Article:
The idea that the news business was fast asleep when the digital age crept in one night and stole its future is a comforting one to the ascendant class of online entrepreneurs. It enables them to credit their ferocious success not just to their pluck and enterprise, but to the complacency of a cosseted elite that couldn’t be bothered to innovate and compete.
True, life was sweet for media moguls in those pre-Internet days. Newspapers oversaw rich monopolies tended by ad sales staffs that needed to do little more than answer their phones. The TV industry consisted of regulated stations that made profit margins unimagined outside the Cali cartel for relaying network programs they had no hand in (and ran no risk from) making.
Yes, the media were fat, but they weren’t happy. Consider the newspaper industry—the business routinely vilified nowadays for sliding down a chute greased by its own greed and cluelessness. It’s a bum rap. Fact is, newspapers spent the last 40 years in the throes of one wave of change or another, desperate to enhance their draw among readers and their utility to advertisers.
They created zoned and micro-zoned editions, offering targeted audiences to smaller merchants and Monday business news sections to bolster a traditionally slack day for business services ads. They introduced lustrous color and trotted out serial redesigns to bolster curb appeal, expanded celebrity news and more consumer help columns, pushed for more accessible coverage and beat the table unendingly for “news you can use.”
And it wasn’t all a matter of formats and features. Newsrooms were shaken by the public journalism movement, which foregrounded citizen input as the driver of news agendas and which recast papers as central forces in civic betterment. In the boardrooms, industrial strategy was re-engineered around geographic clustering, whereby chains reconfigured themselves to maximize their reach and share infrastructure and stories.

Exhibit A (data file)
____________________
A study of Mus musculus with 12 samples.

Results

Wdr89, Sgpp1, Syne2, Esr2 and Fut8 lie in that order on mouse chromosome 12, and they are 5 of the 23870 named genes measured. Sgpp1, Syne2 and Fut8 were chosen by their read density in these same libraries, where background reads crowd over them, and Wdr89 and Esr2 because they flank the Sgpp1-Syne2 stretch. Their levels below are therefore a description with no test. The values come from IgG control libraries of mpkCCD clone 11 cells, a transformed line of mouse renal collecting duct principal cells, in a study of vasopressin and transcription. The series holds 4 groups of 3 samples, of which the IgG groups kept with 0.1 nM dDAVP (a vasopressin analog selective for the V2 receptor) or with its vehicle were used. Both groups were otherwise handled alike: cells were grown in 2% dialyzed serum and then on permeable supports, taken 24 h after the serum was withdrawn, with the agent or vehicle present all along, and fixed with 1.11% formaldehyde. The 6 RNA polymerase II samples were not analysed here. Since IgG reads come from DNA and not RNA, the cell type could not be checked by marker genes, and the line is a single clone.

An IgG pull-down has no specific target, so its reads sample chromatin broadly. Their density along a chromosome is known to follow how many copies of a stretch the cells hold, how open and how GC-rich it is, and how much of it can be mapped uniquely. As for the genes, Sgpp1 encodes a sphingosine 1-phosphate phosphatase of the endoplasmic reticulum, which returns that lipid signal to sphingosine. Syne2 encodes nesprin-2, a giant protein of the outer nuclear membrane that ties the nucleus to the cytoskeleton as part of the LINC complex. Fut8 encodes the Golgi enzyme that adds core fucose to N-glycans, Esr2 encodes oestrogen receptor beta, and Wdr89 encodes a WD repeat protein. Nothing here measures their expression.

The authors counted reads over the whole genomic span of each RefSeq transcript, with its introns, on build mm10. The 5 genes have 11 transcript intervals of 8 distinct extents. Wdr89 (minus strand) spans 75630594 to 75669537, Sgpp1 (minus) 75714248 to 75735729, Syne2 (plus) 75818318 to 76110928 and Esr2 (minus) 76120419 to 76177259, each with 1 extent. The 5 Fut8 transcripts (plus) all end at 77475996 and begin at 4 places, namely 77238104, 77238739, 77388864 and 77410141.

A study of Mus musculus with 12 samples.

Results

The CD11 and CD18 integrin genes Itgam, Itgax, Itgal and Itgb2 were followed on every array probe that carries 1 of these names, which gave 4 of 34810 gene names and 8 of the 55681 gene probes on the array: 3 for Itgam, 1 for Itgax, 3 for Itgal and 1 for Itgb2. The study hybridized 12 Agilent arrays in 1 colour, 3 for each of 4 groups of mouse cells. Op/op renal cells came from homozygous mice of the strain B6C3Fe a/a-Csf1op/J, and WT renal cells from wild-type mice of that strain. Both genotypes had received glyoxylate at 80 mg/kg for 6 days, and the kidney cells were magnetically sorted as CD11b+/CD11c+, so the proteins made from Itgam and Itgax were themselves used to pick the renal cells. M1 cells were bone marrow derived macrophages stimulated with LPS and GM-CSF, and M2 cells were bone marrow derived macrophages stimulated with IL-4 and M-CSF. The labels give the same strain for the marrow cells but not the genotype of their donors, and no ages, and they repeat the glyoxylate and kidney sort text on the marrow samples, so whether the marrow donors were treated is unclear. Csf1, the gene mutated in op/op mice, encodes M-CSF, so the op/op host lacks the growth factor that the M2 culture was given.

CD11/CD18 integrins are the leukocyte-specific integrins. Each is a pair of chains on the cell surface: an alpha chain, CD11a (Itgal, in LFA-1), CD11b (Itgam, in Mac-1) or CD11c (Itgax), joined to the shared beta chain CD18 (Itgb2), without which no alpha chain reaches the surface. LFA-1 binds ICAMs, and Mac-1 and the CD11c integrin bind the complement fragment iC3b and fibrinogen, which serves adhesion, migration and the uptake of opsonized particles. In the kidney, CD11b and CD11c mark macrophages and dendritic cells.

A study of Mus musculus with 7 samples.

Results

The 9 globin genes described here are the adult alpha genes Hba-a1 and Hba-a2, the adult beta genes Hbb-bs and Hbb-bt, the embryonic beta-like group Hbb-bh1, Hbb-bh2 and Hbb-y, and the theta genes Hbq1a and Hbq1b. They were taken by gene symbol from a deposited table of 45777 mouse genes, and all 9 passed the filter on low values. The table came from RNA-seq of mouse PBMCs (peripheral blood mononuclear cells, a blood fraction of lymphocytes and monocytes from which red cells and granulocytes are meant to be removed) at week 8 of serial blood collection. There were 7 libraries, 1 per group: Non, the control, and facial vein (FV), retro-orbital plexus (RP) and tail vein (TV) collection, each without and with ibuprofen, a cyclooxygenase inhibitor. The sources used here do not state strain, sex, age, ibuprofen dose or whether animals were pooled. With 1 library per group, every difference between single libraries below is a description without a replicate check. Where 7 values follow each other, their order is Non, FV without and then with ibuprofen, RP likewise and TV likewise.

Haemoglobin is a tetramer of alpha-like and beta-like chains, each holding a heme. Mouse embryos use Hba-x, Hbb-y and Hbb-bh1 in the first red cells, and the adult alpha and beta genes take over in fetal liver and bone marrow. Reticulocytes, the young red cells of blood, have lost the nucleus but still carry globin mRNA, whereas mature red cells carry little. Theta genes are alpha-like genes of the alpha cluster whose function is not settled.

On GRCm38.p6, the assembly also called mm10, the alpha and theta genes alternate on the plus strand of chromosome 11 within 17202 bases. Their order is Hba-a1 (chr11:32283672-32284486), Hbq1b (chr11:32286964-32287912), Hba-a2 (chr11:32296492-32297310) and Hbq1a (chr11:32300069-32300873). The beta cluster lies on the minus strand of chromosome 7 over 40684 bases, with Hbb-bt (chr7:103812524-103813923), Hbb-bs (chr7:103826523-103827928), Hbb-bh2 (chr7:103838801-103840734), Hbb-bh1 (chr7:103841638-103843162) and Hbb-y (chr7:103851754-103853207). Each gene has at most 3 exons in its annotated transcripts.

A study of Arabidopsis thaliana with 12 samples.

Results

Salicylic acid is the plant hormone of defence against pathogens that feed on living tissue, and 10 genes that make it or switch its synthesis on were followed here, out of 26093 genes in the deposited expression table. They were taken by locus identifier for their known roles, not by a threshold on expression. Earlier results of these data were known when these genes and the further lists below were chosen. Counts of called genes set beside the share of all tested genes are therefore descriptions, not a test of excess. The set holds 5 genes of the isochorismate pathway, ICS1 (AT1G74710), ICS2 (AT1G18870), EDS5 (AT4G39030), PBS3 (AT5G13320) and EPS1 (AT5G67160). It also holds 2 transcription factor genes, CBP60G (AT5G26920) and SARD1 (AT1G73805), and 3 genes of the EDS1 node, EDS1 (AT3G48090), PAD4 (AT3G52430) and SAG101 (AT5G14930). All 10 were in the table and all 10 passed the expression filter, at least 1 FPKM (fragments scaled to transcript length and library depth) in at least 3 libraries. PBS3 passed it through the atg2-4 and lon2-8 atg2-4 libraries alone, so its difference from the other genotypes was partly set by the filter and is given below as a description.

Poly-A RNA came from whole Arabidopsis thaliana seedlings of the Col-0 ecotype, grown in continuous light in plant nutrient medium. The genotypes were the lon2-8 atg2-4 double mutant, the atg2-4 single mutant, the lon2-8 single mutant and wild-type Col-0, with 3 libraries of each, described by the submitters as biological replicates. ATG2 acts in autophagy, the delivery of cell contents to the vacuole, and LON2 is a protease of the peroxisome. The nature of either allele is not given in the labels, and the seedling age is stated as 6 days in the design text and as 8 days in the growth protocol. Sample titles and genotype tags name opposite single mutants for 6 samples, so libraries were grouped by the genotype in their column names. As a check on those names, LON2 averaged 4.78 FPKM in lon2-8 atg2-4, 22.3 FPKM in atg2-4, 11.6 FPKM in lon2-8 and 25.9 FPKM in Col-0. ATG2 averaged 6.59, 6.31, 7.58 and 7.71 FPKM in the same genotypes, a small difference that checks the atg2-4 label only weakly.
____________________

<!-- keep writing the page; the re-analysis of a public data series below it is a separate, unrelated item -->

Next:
In short, the final decades of the last century were a time not of smug indifference, but of feverish experimentation and innovation in the legacy media business.
That included their response to the digital revolution.
That’s one of the conclusions to be drawn from the engaging new oral history of the Internet ascendancy compiled by three media veterans — John Huey, Martin Nisenholtz and Paul Sagan—under the auspices of Harvard’s Shorenstein Center and posted under the compelling title, Riptide.
That traditional media failed can’t be disputed. But what’s not well understood is just how they struggled, with media giants pouring money into digital projects years before the Internet was anything more than a toy in engineering labs.
I well recall, as a young editor in Miami, how The Herald’s parent, the now-defunct Knight Ridder, partnered with AT&T in the early 1980s to create a news feed over phone lines. Knight Ridder wasn’t alone: Time Inc. had its Teletext, Warner Cable its Qube.
Knight Ridder’s Viewtron was a clunky, unsightly device. It required customers to buy special terminals, with which they paid to watch the first paragraph or two of news text crawl over black and white screens. Back then, nobody had PCs, and it would be a full decade before there was a World Wide Web or broadband speeds.
Like those other efforts, it failed, but the initiatives weren’t casual and they weren’t flirtations.
Viewtron had nearly 300 employees by the time its patrons pulled the plug on their $40 million investment in 1983. When NBC decided to partner with Microsoft to create MSNBC, it was a recognition that the digital ascendancy was important enough for one of the top names in broadcasting to share its brand with a maker of computer operating systems.
Knight Ridder, Tribune Co., The New York Times all flocked to AOL’s walled garden, The Washington Post got onto AT&T’s Interchange, and The Wall Street Journal created its own proprietary service, all in the early ‘90s, because it was clear to them where the future lay.
Roger Fidler, who headed those early efforts for Knight Ridder, says his bosses should’ve envisioned their work “more as a lab experimenting at a lower cost rather than ramping up quickly…” But his reproach suggests they were less patient, not less committed, than was warranted. They were too zealous, too early. A mistake of tactics, indeed a fatal one, but not an absence of faith.
The Riptide oral history reminds us that people had to cope with realities they didn’t create and never fully understood. The Internet Age is already littered with once-promising companies, some of which had their moments of industrial supremacy. The mistakes that legacy media companies made in the ‘80s and ‘90s seem obvious now.
The mistakes that today’s mighty players are making now aren’t clear yet. But they will be.